Note that this question only focuses on verbal attacks such as racial slurs, sexual explicit comments, and sexual harassment. Physical assault (unarmed or armed with either mêlée weapons or firearms) is out. Of course, the earlier can easily escalate into the latter: losing one's cool is a sure way of escalating this. If it is not yet a fight, how can martial arts help?

As a side note: Checking out with LEO where you live is a good thing. If you are planning on owning and carrying a lethal weapon, please consult a criminal lawyer first. It might save you jail time.


1: Sources for Brexit: BBC, Independent, and Guardian. Sources for the USA: Independent, Huffington Post, Quartz, and Metro.



How can martial arts help support people who are victim of said crimes?

Increased/Rebuilt confidence

A safe and controlled outlet for emotion/anger

Lasting friendships

Tolerance (not just of pain, but of all life to some degree, walking past the verbal abuse so that it does not become more than that)


Obviously these are things that the majority of students will gain from martial arts, it is up to instructors to provide a safe class to allow the student to thrive - taking into consideration any physical or mental conditions suffered by the student.


Consider what you can offer the target to increase their safety - a car ride, and offer to walk them away to another location, willingness to serve as a witness if police have been called.

Consider roleplaying what happens if the target is agitated and angry as well - how to let them know you're on their side BUT that their safety is more important than physical confrontation without silencing them or effectively favoring the verbally violent aggressor.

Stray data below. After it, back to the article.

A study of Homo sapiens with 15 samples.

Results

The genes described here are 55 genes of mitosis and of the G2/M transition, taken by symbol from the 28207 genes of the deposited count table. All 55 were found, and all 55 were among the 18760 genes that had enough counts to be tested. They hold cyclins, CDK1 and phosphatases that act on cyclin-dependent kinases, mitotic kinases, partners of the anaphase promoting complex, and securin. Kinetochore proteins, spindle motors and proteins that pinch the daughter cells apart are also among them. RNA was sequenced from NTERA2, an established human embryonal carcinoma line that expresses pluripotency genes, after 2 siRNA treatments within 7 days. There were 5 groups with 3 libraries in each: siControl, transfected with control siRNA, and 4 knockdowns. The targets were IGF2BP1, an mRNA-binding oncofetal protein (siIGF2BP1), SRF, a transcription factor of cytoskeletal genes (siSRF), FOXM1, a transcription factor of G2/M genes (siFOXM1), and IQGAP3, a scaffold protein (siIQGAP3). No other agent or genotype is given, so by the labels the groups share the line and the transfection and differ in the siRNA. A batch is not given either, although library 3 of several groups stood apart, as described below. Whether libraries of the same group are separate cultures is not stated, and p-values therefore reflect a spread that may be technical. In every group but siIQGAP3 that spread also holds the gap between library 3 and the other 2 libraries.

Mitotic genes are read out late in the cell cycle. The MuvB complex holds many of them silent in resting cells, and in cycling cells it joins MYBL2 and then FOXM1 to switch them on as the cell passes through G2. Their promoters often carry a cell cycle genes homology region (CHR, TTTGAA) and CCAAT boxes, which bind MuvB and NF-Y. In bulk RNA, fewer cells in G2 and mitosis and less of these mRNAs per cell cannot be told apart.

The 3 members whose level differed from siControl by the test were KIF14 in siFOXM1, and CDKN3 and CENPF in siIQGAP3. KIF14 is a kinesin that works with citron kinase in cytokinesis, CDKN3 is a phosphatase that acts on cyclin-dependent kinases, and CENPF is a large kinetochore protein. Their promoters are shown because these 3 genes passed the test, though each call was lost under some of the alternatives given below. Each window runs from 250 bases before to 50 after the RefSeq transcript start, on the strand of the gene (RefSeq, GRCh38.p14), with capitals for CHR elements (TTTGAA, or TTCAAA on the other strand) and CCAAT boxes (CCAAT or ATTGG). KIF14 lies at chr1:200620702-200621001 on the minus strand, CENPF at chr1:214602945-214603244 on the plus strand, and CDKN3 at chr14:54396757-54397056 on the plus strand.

Train to look for the signs and physical movements of impending violence. When someone is going to change over from "just words" to action and what are the best strategies around that.

Now, correct me if I'm wrong, but the issue behind this question is what in NLP is called "framing". A verbal assault, such as when people intentionally say something to get under your skin, isn't really an assault unless there is intent to commit battery. The thing is your emotions are yours and how you feel is up to you...change your mindset(frame) and feel the way you want to feel. That means change your internal dialogue and react the way you want to act. You might not want think about about what "they" say, so think of your favorite song, or if you want to "verbally" respond, do what Tim Allen did when he was in prison, tell them a joke and change their mindset, this can be done by making fun of yourself with even more exaggeration.

PS- if you might want to apply this knowledge to the news you read as well, some of the news sources you cited are playing politics, and perhaps you should learn about how subversion works in the media.